Giants exec has theory for drop in home runs around MLB

Farhan Zaidi talking into a microphone

Apr 5, 2019; San Francisco, CA, USA; San Francisco Giants President of Baseball Operations Farhan Zaidi is interviewed on the field before the game between the San Francisco Giants and the Tampa Bay Rays at Oracle Park. Mandatory Credit: Darren Yamashita-USA TODAY Sports

Home runs are way down in the first month of the 2022 MLB season, which has given rise to a lot of conspiracy theories. One popular one is that the league is deadening the baseballs, making it harder to hit and reducing offense across the league.

As of Thursday, teams were averaging a total of 0.90 home runs per game, according to CBS Sports. That is down significantly from 1.22 home runs per game in 2021. While the deadened ball theory is a popular one, San Francisco Giants president Farhan Zaidi had a much more balanced take on the home run drop. Zaidi believes it to be a combination of multiple factors, including the universal use of humidors and shortened spring training being more beneficial to pitchers than to hitters.

“I don’t see anything intentional there, it’s possible the production process something happened and the balls are deader,” Zaidi told KNBR 680’s “Tolbert & Copes” on Thursday, via Taylor Wirth of NBC Sports Bay Area. “I think the humidor actually, standardizing that, has a good amount to do with it. We’ll just have to see as we get a bigger sample when the weather warms up if things normalize a little bit.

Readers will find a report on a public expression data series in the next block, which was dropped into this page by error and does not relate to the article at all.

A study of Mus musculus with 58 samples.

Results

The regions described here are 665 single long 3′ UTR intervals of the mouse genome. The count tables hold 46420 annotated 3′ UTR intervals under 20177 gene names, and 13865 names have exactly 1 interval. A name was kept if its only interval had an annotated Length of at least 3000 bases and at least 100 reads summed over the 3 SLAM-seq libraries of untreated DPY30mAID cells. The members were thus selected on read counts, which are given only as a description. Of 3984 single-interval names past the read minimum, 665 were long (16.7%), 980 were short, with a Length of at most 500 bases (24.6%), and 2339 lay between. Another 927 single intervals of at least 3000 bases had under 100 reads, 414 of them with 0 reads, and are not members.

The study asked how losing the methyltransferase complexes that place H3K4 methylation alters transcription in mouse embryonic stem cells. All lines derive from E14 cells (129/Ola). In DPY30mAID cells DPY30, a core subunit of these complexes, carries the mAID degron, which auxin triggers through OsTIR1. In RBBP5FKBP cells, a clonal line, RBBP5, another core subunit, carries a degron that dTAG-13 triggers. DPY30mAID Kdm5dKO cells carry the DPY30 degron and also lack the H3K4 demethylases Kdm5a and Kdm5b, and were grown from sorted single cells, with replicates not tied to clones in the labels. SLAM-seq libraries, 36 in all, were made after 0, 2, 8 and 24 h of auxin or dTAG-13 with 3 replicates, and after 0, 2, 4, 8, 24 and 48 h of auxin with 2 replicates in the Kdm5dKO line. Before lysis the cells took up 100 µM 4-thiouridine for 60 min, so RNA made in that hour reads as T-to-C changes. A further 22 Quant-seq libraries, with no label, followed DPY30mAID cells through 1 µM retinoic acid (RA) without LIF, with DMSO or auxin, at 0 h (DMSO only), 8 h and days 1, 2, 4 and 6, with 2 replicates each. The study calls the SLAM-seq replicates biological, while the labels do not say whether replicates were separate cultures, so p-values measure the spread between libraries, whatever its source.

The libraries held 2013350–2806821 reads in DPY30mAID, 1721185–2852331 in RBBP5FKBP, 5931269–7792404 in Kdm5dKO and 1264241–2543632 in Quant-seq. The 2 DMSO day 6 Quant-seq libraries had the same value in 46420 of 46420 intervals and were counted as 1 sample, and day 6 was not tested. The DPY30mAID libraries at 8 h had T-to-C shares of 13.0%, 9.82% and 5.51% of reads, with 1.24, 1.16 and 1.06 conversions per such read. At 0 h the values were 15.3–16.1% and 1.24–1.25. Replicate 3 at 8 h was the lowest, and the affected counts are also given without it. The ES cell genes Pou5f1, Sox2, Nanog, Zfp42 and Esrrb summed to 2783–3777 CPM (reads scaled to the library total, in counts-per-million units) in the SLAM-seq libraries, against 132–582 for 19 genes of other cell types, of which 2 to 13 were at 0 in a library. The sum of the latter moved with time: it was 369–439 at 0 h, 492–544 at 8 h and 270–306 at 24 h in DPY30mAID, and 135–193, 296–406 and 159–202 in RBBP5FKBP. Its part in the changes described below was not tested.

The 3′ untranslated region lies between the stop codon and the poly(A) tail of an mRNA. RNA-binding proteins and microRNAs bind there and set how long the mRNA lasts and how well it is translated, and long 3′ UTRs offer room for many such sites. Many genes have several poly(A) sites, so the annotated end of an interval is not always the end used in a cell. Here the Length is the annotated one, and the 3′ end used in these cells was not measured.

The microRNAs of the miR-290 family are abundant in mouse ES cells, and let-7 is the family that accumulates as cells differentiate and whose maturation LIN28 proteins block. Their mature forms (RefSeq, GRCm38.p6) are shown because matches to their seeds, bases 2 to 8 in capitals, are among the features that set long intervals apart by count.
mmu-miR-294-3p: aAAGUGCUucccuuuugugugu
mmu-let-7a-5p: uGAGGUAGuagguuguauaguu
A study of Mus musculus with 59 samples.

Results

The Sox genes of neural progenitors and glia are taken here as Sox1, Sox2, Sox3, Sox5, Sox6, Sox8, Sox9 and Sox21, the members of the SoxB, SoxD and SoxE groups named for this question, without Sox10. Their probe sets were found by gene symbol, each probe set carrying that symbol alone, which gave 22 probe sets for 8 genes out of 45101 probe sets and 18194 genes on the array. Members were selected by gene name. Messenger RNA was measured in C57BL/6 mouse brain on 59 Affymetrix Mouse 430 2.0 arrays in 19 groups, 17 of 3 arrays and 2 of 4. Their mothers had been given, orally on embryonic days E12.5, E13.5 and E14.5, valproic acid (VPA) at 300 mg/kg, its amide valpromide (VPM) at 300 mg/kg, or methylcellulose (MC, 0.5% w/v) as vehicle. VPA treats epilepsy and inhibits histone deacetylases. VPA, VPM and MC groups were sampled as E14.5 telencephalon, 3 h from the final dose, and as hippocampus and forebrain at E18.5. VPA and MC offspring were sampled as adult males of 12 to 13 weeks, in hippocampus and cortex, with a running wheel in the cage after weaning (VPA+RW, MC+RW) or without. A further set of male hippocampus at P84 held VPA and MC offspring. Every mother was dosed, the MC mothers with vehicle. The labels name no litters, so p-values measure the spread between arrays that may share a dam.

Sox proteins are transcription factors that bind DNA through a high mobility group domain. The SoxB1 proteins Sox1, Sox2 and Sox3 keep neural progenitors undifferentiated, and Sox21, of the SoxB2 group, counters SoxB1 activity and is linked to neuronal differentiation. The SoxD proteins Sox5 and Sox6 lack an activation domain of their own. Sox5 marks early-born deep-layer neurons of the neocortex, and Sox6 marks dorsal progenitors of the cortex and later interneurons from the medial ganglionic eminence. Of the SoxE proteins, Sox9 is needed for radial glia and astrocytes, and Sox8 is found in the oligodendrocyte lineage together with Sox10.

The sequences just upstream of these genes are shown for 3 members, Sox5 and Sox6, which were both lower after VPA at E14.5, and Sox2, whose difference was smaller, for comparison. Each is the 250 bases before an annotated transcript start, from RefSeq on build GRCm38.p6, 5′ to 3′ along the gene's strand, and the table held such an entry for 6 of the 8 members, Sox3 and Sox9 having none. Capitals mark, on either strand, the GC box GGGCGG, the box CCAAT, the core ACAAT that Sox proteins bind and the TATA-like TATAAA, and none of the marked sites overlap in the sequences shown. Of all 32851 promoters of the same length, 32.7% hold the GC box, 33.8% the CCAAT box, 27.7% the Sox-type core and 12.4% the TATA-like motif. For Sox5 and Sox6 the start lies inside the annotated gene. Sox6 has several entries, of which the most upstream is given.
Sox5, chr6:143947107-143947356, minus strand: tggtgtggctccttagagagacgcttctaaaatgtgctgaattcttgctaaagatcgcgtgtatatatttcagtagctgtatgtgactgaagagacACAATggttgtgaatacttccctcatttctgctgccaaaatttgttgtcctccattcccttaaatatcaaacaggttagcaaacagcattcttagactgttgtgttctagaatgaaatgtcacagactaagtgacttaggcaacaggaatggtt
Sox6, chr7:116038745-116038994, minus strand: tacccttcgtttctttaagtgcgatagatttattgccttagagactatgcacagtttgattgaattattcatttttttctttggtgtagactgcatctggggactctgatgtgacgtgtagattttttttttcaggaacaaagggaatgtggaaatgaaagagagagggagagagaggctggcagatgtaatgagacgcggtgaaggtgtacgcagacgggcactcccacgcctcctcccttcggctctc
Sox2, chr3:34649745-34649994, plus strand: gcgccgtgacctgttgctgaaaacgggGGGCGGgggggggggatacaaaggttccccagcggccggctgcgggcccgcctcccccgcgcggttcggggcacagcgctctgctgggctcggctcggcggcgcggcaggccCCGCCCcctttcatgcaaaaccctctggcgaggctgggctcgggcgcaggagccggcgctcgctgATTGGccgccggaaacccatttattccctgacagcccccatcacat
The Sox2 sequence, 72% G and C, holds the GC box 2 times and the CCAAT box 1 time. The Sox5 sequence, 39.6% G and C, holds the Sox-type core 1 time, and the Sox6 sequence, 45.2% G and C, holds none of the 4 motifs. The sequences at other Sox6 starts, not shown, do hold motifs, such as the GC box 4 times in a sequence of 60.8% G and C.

“We also had a shorter spring training and they always say that the pitchers are ahead of the hitters so maybe we’re seeing a little bit of that. We’ve had our better hitters get off to slow starts even though our offense overall has been pretty good.”

Both of Zaidi’s theories make sense. Conventional wisdom states that pitchers need less time to prepare for a new season than hitters, and batters may still be getting up to speed when it comes to facing MLB pitching again. The use of humidors in every stadium, which was reported prior to the start of the season, would also theoretically be more helpful to pitchers than to hitters.

Conspiracy theories are nothing new when it comes to baseballs. Three years ago, there was talk that the ball was juiced, while another conspiracy theory popped up last year with offense down. As fun as it may be to speculate, Zaidi’s more realistic explanations are more likely to be correct.